It was all very well for the local plant nazi to decree that we should use only Australian natives in our Canberra garden. As all those who have tried it know, the challenges of succeeding with this policy are considerable. Natives, even those endemic to a given area, are not necessarily more robust than exotics. On top of that, Canberra has cold winters by Australian standards, the soils are often heavy, and with coolish nights, the diurnal temperature variation in summer can be up to 30 degrees.
Casualty rates are high, and the learning curve somewhat intermittent, which is why a really good plant guide is essential. Over the years, I have made a lot of use of the hardy Canberra Gardener, but I have to confess that I had not previously heard of ‘Australian Plants for Canberra region gardens and other cool climates‘, published by the ACT chapter of the Australian Native Plants Society. The fifth edition has just come out (the first appeared in 1974).
Having now had a chance to read the excellent general advice contained in this book, and even to test-drive a few selections from the hundreds of plants that are described and discussed, I would not be without it.
Here is a guide that has obviously benefited from its numerous iterations, so that when puzzling about ‘what might work where’ it will tell you, not only every possible species classified by size and spread, but also which are frost tolerant, when special care is needed, and whether the gaily-flowering hybrid you’ve set your heart on at the local Bunnings will tolerate a bit of shade or a non freely-draining soil. There is also a clear colour photo for every entry.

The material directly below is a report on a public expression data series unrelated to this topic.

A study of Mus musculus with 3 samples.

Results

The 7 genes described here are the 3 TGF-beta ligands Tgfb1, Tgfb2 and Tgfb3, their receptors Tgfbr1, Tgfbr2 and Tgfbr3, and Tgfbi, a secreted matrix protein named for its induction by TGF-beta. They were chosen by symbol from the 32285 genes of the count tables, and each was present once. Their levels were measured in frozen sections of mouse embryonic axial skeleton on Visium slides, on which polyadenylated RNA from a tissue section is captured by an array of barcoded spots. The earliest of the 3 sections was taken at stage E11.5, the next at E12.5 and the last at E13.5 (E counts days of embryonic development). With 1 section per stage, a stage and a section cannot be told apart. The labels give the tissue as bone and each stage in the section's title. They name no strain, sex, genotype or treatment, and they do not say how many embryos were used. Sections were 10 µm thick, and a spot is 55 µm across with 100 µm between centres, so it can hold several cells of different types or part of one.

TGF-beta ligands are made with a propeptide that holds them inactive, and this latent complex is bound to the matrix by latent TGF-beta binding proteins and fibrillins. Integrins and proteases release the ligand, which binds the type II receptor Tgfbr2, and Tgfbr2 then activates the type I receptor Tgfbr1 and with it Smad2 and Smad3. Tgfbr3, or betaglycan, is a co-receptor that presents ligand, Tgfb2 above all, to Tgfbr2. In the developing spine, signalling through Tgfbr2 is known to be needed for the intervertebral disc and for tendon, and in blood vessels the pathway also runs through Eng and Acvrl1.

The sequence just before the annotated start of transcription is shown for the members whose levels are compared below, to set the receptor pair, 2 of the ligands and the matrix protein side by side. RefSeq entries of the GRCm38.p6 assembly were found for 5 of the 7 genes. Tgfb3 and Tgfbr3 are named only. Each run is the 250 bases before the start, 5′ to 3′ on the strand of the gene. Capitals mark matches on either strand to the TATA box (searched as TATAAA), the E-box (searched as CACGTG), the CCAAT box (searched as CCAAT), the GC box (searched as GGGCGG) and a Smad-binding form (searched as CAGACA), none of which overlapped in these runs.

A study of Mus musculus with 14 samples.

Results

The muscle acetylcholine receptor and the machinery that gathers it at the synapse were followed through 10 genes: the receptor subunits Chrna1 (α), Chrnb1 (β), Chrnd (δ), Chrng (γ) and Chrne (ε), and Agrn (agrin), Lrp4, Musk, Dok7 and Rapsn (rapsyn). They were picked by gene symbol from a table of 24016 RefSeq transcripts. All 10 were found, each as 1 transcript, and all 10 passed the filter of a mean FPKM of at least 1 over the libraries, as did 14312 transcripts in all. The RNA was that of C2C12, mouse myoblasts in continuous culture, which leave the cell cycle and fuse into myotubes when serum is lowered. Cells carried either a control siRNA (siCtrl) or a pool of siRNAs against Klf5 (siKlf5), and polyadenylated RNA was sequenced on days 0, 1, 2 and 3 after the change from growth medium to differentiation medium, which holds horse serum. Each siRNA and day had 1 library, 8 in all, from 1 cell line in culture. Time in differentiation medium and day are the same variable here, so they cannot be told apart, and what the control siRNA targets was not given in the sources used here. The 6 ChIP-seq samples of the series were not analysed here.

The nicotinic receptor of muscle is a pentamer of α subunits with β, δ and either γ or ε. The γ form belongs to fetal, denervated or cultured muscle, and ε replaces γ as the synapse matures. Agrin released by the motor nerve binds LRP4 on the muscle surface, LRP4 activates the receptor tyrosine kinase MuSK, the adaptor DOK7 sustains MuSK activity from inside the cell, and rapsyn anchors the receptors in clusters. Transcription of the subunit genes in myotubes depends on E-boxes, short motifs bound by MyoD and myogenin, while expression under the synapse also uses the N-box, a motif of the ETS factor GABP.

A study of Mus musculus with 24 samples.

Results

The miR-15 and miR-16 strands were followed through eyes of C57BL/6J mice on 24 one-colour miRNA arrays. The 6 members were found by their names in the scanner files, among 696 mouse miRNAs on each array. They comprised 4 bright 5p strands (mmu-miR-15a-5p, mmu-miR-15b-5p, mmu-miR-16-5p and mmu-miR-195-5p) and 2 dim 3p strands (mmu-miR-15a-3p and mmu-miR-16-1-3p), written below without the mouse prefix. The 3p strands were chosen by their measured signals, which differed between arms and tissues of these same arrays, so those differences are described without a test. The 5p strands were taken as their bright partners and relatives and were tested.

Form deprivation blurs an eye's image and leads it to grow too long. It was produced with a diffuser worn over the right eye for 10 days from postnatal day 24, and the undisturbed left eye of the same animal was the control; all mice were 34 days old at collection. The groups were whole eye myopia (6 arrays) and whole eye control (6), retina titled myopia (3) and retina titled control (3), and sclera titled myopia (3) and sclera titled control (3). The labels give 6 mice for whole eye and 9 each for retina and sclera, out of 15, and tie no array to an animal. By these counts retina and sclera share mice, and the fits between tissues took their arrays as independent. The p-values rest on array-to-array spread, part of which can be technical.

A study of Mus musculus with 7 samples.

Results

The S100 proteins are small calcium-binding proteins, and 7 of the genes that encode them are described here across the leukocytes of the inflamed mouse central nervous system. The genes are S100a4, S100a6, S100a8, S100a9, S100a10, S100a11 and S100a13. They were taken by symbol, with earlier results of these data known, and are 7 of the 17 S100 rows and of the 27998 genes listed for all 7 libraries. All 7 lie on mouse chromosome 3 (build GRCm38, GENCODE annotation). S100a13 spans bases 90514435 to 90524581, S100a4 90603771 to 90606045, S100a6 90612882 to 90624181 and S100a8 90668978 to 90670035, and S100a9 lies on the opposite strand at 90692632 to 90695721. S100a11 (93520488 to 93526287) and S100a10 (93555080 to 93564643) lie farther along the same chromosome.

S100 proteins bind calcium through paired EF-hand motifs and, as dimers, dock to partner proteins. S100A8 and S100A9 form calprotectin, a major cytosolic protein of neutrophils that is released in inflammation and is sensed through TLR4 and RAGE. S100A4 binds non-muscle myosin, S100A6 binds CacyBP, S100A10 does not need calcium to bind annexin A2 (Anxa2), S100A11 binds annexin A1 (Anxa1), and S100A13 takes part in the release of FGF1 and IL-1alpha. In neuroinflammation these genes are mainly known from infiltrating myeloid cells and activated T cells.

The vexed subject of pruning (essential for most natives) is referred to only in general terms, although more specific advice is given in a section on garden rehabilitation. Having wrestled with two Snowy River wattles which simply stopped in their tracks whenever and wherever I attempted to trim them back, it was astonishing to read that they can be cut back to ground level. Emboldened by the collective wisdom underpinning Australian Plants for Canberra region gardens, I might just give it a go.
My only criticism of this excellent book is that it says very little about how to go about acquiring species identified through the guide. I know the native plants society holds regular sales, but you can’t necessarily get along to them, and anyway the urge to put something in the ground does not necessarily coincide with the society’s bi-annual schedule. Many of Canberra’s best nurseries disappeared during the last drought, and those remaining tend to have lots of ‘flavour of the month’ plants, but not necessarily the ones you want. I guess ANPS may not be keen to be referring people to commercial Internet plant-sourcing sites, but a few pointers in the right direction would not have gone astray.
Australian Plants for Canberra region gardens and other cool climates (5th edition 2015)
Australian Native Plants Society Canberra Region Inc.
342 pages, 934 plant descriptions, $30 RRP
Available at the ANPS Canberra Region plant sale days (next 19 March 2016 in the ANBG carpark), from both the Australian National Botanic Gardens and the National Arboretum bookshops, Dymocks stores throughout Canberra, and the ANU Co-Op Bookshop, plus other selected bookshops.